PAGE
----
Batchelor or Bachelor – Which Spelling Is Correct?

When you refer to a single man, do you call him a “Batchelor” or a “Bachelor”?

Since those forms are similar, we want to know which is correct and which one to avoid. Also, we want to know what’s the meaning of the word and how to properly use it.

Batchelor or Bachelor – Which Spelling Is Correct?

“Bachelor” is the correct spelling for the word that indicates a man who is old enough to get married but hasn’t done so yet. It can also relate to education, i.e. Bachelor’s Degree. “Batchelor” is a common misspelling of the word “Bachelor” and, as such, should be avoided.

batchelor or bachelor

Take a look at the examples below:

  • When is Frank’s batchelor’s party? (incorrect)
  • When is Frank’s bachelor’s party?

The correct form for the word we’re looking into here is “Bachelor”, without the “t”. That’s the acceptable form you can use to talk about a “Bachelor” you know, a “Bachelor’s” party, a “Bachelor” pad, etc.

“Batchelor” is incorrect and although it’s a common misspelling, it should never be used. Once you know a word is incorrect you should scratch it off completely, and do your best to use only the correct form of the word.


Batchelor

“Batchelor” is a common misspelling for the word “Bachelor”, which indicates a single man who is eligible for marriage, but hasn’t decided to get married yet. As with any incorrect form, “Batchelor” should be avoided and never used.

Is “Batchelor” a word, some people might be asking? The Cambridge Dictionary says it isn’t. It doesn’t recognize “Batchelor” as a word at all, which is only more reason to never use this form.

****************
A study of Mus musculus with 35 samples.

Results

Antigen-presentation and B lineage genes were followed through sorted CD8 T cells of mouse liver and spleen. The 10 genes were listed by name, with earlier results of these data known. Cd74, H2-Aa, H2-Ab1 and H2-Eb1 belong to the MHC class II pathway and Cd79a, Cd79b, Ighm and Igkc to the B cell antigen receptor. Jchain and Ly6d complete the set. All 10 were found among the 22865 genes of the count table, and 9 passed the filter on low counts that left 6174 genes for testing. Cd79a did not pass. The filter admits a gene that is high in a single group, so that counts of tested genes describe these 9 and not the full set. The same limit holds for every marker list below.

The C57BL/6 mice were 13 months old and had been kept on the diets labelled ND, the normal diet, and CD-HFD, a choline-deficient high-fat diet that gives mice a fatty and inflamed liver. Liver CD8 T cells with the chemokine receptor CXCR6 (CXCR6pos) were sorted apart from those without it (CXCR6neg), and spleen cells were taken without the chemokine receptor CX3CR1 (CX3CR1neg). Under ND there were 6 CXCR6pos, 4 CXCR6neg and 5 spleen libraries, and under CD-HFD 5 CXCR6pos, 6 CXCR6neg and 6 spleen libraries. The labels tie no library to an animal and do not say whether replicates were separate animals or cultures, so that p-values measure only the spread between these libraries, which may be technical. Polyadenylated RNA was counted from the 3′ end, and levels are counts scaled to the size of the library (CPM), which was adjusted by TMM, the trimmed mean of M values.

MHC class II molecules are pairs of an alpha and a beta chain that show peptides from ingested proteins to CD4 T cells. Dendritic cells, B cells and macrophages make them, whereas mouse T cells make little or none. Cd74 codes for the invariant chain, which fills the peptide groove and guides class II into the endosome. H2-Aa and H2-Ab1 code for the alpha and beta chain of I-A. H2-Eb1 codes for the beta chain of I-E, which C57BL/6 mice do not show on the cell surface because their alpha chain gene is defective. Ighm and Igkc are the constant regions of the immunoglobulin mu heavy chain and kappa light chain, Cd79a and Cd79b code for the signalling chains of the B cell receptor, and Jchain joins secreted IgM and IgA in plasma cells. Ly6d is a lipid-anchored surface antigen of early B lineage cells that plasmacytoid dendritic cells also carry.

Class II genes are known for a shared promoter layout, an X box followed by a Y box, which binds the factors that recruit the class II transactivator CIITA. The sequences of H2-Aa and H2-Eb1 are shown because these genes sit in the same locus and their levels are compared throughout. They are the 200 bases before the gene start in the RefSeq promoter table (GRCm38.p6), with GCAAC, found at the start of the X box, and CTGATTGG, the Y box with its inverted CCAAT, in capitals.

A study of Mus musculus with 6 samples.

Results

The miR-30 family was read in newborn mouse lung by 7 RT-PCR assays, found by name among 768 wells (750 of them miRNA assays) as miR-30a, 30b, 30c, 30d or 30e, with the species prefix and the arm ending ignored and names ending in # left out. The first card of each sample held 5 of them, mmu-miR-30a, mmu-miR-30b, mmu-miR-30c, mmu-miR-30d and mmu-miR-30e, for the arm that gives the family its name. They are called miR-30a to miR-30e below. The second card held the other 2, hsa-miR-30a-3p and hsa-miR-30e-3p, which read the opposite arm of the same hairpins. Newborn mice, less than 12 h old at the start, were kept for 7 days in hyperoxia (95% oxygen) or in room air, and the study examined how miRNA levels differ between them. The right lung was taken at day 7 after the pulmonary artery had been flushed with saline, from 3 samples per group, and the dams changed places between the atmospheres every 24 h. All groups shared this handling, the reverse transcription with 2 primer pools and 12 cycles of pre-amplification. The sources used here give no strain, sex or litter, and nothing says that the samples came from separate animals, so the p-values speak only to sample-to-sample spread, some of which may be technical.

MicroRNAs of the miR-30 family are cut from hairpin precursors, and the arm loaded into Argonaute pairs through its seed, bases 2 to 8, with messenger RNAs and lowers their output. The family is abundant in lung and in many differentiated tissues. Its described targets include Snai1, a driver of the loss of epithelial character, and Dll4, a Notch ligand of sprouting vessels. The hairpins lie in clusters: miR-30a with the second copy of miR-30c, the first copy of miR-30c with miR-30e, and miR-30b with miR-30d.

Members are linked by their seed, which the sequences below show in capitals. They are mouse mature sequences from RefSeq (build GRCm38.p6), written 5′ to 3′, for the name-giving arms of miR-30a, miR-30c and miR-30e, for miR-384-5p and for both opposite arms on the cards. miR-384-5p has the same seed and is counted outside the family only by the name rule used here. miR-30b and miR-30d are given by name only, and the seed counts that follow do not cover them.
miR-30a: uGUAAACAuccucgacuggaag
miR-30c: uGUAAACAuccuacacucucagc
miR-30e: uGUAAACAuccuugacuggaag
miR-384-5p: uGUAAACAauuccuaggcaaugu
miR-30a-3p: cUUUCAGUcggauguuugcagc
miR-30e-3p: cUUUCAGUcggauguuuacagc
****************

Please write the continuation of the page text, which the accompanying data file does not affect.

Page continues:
Let’s take a look at some examples that include the incorrect form “Batchelor”, followed by a corrected version of the same sentence.

  1. Sam is a batchelor, and I don’t think he’s looking to change his status. (incorrect)
  2. Sam is a bachelor, and I don’t think he’s looking to change his status.
  1. Jack was a batchelor until he was 37. (incorrect)
  2. Jack was a bachelor until he was 37.
  1. Ashley has a batchelor’s degree in psychology. (incorrect)
  2. Ashley has a bachelor’s degree in psychology.

Bachelor

“Bachelor” is the correct spelling for the word that indicates a single man who’s yet to be married. You can use this word in your daily conversations because it’s appropriate and very common.

The Cambridge Dictionary agrees with our definition of the word, saying that “Bachelor” is “a man who has never married”.

Also, “Bachelor” is used in connection to a college degree. The first college degree someone can get (male or female) is called a “Bachelor’s Degree”.

Let’s see some good, helpful examples:

  1. John is a confirmed bachelor.
  2. Paula will be the first woman in her family to earn a bachelor’s degree.
  3. Though the bachelor had never been married, he’d been in many relationships.
  4. Ryan was the most popular bachelor in town.
  5. He’ll be graduating with a bachelor’s degree next Spring.

Besides being used to indicate an individual, “Bachelor” is used in connection to other things. For example, before their wedding, is traditional that a groomsman will throw the groom a “Bachelor’s Party”.

Likewise, the place where a “Bachelor” lives is often referred to as a “Bachelor Pad”.

Which Is Used the Most?

Which one of those forms is used more often, “Batchelor” or “Bachelor”? Take a look at the graph from Google Ngram Viewer below.

batchelor or bachelor usage

As we expected, “Bachelor” is the most frequently used word. This is what was expected because “Bachelor” is the correct spelling for this word and this is what people should be using in their sentences.

“Batchelor” appears closer to the bottom of the graph. We wouldn’t say it’s rarely used, but the fact that some people use a word doesn’t mean it’s correct or acceptable. Keep that in mind and always avoid using the word “Batchelor”.

Final Thoughts

“Bachelor” is the correct form for the word that relates to a man old enough or expected to get married but hasn’t yet done so. It can also be used in relation to education, i.e. Bachelor’s Degree. “Batchelor” is a common misspelling for that word and should always be avoided.